Rather a whirlwind of a weekend. Up to western New Hampshire to celebrate Mother's Day with Madame Mère, met up with both brothers and had a fine time. That beverage in the opening photo was quaffed along with its twin. The meal was topped off with a scoop of gelato (if I closed my eyes I imagined myself in Italy - the gelato was that good) and a cup of joe which had been enhanced with Bailey's Irish Cream and Kahlua. A fine meal, though a bit pricey. If you've got the swag and are in Walpole, eat here. The food was superb and the service was excellent.
Madame Mère didn't really care for it as the prices rather shocked her, four people, price tag north of 200 American Yankee dollars. There was a rather large tip as our waitress (I know, I know, if you expect PC here, you're in the wrong place) was efficient, attentive, and attractive. Yes, I am a sucker for a pretty face, especially when she's that good at her job. (My brothers are as well.)
My other dining experience that same day was far less pleasant.
A many of you know, I am a huge fan of Dunkin Donuts. Yuge. Now it was around the lunch hour on Saturday and Mom and I were off to the big city to purchase cat food. (Long story there, I shan't bore you with it.) On our return I was feeling a bit peckish. So I suggested we stop at Dunkin Donuts, so we did. The one pictured above.
Once inside I asked for a sandwich on a wheat bagel and was told that they only carried four types of bagels, for to speed up the ordering process for the customers, so claimed the young lass behind the counter. While I was quite ready to throw the BS flag, after all, why not just one type of sandwich, remove all choice you socialist bastards, I was a stranger in this strange land so I played nice.
When our sandwiches arrived and we sat down to partake of them, I immediately noticed that our sandwiches had been liberally (pun intended) coated with rather a lot of oil, or grease (I didn't do a chemical analysis). Also that my bagel had rather a lot of sesame seeds attached, embedded, and encrusted upon what was supposed to be a plain bagel. Sesame seeds are to me what kryptonite is to Superman. Might not kill me but will cause intense pain in the digestive tract.
Heading back to the counter, I restrained myself from bellowing "What the fire truck are sesame seeds doing on my plain bagel?!?!?!" and dropped the "fire truck" portion and any number of exclamation points from my interrogation of the young lady behind the counter. I pointed out that sesame seeds and I did not get along (I may have said that they were a deadly poison to me) and "please, ma'am, might I have another?"
It was pointed out to me that I should have warned them that I had an "allergy" and then the lady preparing the food would have "changed her gloves between orders."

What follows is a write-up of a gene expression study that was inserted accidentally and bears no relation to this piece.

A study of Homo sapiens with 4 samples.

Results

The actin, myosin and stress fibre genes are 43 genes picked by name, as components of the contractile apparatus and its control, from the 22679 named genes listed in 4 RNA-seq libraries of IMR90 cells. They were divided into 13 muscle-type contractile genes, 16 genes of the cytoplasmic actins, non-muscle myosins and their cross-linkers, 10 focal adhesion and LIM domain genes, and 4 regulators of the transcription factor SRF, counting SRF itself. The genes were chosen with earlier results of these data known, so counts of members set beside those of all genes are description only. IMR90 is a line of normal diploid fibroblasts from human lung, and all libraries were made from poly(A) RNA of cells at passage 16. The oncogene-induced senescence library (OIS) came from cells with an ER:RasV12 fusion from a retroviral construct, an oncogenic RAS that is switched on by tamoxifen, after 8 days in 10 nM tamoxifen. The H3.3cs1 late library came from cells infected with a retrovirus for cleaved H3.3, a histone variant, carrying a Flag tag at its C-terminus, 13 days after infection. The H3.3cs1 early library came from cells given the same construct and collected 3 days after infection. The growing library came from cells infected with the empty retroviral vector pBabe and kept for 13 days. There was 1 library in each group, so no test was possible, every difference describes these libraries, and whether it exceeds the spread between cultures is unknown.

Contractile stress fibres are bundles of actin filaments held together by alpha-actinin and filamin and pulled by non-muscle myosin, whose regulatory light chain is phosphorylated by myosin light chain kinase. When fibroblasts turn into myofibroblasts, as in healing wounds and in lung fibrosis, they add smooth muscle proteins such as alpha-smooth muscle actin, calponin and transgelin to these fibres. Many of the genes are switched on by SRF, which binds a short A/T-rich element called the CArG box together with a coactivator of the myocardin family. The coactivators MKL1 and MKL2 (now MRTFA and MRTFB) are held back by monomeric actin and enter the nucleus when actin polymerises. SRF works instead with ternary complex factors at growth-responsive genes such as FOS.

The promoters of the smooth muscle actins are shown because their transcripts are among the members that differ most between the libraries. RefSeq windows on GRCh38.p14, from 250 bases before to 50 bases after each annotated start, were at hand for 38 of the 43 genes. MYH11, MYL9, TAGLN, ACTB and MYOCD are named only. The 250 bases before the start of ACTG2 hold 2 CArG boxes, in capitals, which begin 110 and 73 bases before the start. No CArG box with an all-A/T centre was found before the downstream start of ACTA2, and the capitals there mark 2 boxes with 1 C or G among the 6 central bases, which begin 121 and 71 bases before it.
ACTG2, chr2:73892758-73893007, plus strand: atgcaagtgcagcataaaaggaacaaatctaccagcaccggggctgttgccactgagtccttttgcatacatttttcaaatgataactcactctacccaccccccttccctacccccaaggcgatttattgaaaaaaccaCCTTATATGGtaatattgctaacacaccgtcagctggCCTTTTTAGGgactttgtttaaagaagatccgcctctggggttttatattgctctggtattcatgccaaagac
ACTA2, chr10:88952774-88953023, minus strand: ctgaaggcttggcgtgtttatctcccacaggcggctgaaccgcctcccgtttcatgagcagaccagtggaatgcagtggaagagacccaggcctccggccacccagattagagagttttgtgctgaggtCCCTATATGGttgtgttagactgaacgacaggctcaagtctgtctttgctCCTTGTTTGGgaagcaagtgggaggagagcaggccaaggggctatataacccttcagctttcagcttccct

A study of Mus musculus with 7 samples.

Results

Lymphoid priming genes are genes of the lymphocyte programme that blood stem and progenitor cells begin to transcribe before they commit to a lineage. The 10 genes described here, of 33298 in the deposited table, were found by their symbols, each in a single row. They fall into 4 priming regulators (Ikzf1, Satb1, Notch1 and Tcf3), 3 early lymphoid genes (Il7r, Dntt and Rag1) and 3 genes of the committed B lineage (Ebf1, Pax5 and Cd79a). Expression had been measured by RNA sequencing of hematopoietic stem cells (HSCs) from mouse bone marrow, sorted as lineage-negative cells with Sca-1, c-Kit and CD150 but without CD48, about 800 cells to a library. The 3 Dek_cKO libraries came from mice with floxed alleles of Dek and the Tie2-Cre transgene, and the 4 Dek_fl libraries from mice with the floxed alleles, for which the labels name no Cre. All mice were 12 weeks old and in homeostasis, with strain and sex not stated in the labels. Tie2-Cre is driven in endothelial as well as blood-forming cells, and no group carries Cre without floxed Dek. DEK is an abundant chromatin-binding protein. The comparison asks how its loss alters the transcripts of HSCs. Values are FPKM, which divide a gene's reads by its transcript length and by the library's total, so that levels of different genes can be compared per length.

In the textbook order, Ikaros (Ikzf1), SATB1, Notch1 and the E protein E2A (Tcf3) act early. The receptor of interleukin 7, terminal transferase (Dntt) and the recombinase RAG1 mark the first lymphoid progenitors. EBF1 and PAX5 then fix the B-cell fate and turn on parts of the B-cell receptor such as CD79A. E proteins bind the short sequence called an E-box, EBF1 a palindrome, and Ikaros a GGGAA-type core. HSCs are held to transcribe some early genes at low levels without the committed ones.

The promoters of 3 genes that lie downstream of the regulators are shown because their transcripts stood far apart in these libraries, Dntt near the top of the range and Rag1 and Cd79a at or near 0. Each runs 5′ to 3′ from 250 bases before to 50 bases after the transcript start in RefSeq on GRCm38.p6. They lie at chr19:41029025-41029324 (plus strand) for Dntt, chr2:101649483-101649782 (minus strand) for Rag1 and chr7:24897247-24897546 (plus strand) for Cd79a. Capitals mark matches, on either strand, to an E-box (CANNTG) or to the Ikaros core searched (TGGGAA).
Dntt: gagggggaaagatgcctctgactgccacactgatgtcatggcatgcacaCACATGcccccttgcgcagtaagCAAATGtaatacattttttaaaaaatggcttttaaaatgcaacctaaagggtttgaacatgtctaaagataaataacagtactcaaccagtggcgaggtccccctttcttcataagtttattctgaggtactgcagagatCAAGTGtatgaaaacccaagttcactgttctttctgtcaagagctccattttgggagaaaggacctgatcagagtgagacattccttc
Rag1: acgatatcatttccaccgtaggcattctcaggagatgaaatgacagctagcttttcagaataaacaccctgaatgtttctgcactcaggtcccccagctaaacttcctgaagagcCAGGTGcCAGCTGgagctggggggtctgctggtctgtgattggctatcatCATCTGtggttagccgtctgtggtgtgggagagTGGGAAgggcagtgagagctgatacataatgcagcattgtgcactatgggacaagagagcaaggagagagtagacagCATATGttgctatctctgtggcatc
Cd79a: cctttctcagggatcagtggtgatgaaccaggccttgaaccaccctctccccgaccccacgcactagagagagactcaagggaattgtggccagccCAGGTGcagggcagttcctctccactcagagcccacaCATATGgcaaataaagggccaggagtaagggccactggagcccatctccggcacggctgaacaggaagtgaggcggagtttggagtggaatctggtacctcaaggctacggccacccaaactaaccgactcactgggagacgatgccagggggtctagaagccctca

It was flabbergasted I was. I thought that that was a fire trucking law or something to change gloves between orders. Now I had an explanation for the extremely oily bagel (handle sausage, rub gloves on bagel), and was quite ready to nuke the entire place from orbit.
Instead I said...
...and drove on. No sense pointing out to the employees that their boss was a cheap sumbitch and was probably in violation of several laws and perhaps Dunkin Donuts has lower standards in the Granite State, but I doubt it.
Now limiting the number of types of bagels one has in stock probably causes fewer of those bagels to be thrown out at closing time (yes, Virginia, they are supposed to throw them out). So Scrooge McDuck is no doubt saving a few bucks on having to throw away food at the end of the day and on gloves. I wonder how many people they've poisoned along the way?
Now you may have noticed that I made mention of me being "a stranger in this strange land" and perhaps have found that odd, if you've any knowledge of geography and have remembered my tales of growing up in the Green Mountain State.
My parents both hail(ed) from New Hampshire, just across the river from Vermont, where I was born and raised. So I grew up in the area to which I occasionally venture north to visit. But it has changed a great deal since the days of my youth. What once was a thriving town with four-plus factories churning out equipment and machines for the machine-tool industry is now a rustic backwater populated by a few hardy souls and a great number of ne'er-do-wells and druggies visiting those incarcerated at the local correctional facility.
Said correctional facility (which I prefer to call "prison") was not there when I joined the United States Air Force some 42 years ago. (Which would have coincided with my original planned graduation date from college, which did not occur until some years later and through simple math and a careful reading of Juvat's Monday post might lead you to believe that Juvat is, indeed, younger than I. Though not by much I'll wager.) In fact, the prison was opened in 2003, four years after I had retired from the Air Force.
"Vote for the prison," they said.
"There will be jobs," they said.
"The streets will be crawling with heroin addicts and petty thieves," they neglected to mention.
So my old home town is now pretty much a wasteland compared to its halcyon days.
Yes, I grew up in those parts but they are now strange and foreign to me. There are still good folk left in that town, my brother and his tribe among them, but I don't know how they stand it. Perhaps you really can't go home again. Especially if they've totally changed the place. Then again, it also depends on what you define as home.